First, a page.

Moving up into Scotland for today’s post on British Theatres through the ages.
The Edinburgh Festival Theatre represents what is the longest continuous site of a theatre in Edinburgh. Previously on the site there was a mixed bunch of venues: Dunedin Hall, Royal Amphitheatre, Alhambra Music Hall, Queen’s Theatre, Pablo Fanque’s Amphitheatre, Newsome’s Circus and the Empire Palace Theatre, which opened in 1892.
The Empire Palace theatre was designed by Frank Matcham and included lavish décor – elephants with Nubian riders, nymphs and cherubs. He was responsible for ninety theatres over forty years in the UK. Born in Devon, he completed his first solo design in London – the Elephant and Castle Theatre in 1879; the front was squeezed in between shops, while the auditorium was much further back from the road.
Matcham worked for Moss Empires, a theatrical company and designed the London Coliseum, Tower Ballroom in Blackpool Tower and was especially good at theatre interiors. He removed the obscuring columns of the upper levels of the auditorium and replaced them with cantilevers.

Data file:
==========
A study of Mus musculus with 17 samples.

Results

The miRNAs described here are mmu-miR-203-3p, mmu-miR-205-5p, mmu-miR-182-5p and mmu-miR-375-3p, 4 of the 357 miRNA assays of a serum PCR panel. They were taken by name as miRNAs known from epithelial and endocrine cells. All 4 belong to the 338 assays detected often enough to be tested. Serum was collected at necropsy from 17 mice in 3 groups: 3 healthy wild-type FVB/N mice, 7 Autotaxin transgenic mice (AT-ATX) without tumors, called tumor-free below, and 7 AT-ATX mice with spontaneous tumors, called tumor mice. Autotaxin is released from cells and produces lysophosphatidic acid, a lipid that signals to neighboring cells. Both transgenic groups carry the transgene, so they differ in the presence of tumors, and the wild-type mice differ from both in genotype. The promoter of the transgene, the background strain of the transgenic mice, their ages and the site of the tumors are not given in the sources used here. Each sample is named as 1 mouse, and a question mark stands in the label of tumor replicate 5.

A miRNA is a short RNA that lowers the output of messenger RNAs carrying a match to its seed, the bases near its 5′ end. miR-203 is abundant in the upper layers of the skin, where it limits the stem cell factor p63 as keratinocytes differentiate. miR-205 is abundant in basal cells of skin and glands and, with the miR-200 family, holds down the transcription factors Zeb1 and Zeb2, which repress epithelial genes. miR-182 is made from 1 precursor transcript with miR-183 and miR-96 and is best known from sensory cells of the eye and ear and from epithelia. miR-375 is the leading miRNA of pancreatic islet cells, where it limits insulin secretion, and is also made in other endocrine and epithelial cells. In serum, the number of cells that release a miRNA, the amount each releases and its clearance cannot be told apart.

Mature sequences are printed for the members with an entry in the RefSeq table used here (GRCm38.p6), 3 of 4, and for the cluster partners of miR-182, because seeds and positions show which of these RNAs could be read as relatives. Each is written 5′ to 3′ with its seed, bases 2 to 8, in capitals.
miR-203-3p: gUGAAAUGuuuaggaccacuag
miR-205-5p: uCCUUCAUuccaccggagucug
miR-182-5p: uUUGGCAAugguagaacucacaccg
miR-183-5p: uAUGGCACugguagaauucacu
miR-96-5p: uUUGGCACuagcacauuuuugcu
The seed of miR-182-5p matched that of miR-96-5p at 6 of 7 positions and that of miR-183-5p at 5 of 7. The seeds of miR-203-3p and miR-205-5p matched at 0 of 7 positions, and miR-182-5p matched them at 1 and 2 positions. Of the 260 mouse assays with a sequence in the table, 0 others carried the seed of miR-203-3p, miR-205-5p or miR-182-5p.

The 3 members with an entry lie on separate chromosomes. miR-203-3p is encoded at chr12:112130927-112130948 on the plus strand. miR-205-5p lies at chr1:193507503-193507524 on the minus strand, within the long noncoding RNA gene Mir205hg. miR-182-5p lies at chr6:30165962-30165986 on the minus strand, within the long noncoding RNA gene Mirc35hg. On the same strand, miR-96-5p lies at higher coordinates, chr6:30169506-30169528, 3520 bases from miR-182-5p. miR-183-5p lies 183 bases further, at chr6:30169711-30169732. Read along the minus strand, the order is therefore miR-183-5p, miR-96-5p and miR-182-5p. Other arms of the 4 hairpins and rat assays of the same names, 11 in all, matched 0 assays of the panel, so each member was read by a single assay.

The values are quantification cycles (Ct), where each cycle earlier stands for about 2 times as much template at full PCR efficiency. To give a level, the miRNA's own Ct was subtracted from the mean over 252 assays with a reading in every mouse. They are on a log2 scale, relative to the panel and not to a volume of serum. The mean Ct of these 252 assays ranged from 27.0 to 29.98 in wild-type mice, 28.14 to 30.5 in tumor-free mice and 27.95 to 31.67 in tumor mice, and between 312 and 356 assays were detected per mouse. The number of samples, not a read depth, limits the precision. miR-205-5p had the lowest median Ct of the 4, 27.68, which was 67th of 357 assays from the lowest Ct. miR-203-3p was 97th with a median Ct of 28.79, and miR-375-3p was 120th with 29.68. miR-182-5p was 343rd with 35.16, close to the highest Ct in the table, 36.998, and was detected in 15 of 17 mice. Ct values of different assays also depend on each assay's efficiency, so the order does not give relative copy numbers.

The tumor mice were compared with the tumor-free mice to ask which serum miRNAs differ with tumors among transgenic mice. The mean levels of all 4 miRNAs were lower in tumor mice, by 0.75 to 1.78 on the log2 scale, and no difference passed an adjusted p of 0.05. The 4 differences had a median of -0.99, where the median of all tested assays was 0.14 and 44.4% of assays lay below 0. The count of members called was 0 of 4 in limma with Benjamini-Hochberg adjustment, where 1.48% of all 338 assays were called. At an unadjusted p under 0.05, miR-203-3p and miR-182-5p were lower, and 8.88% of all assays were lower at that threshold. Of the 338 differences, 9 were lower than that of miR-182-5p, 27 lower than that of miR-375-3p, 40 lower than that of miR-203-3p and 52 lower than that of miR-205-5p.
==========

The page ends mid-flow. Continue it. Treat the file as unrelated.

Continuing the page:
In 1911 there was a fire on the stage at the Empire Palace. Three thousand people managed to exit the building in under three minutes. But there were eleven deaths back stage, including the illusionist Sigmund Neuburger, the Great Lafayette, who sadly burnt to death. His tall ghost, naturally, haunts the place. The theatre reopened three months later, so no major setback.
The theatre was renamed the Edinburgh Festival in 1994 and a glass front was added. The contrast between modern exterior and older interior is very apparent. The theatre’s primary purpose is performing ballet and opera. No illusions.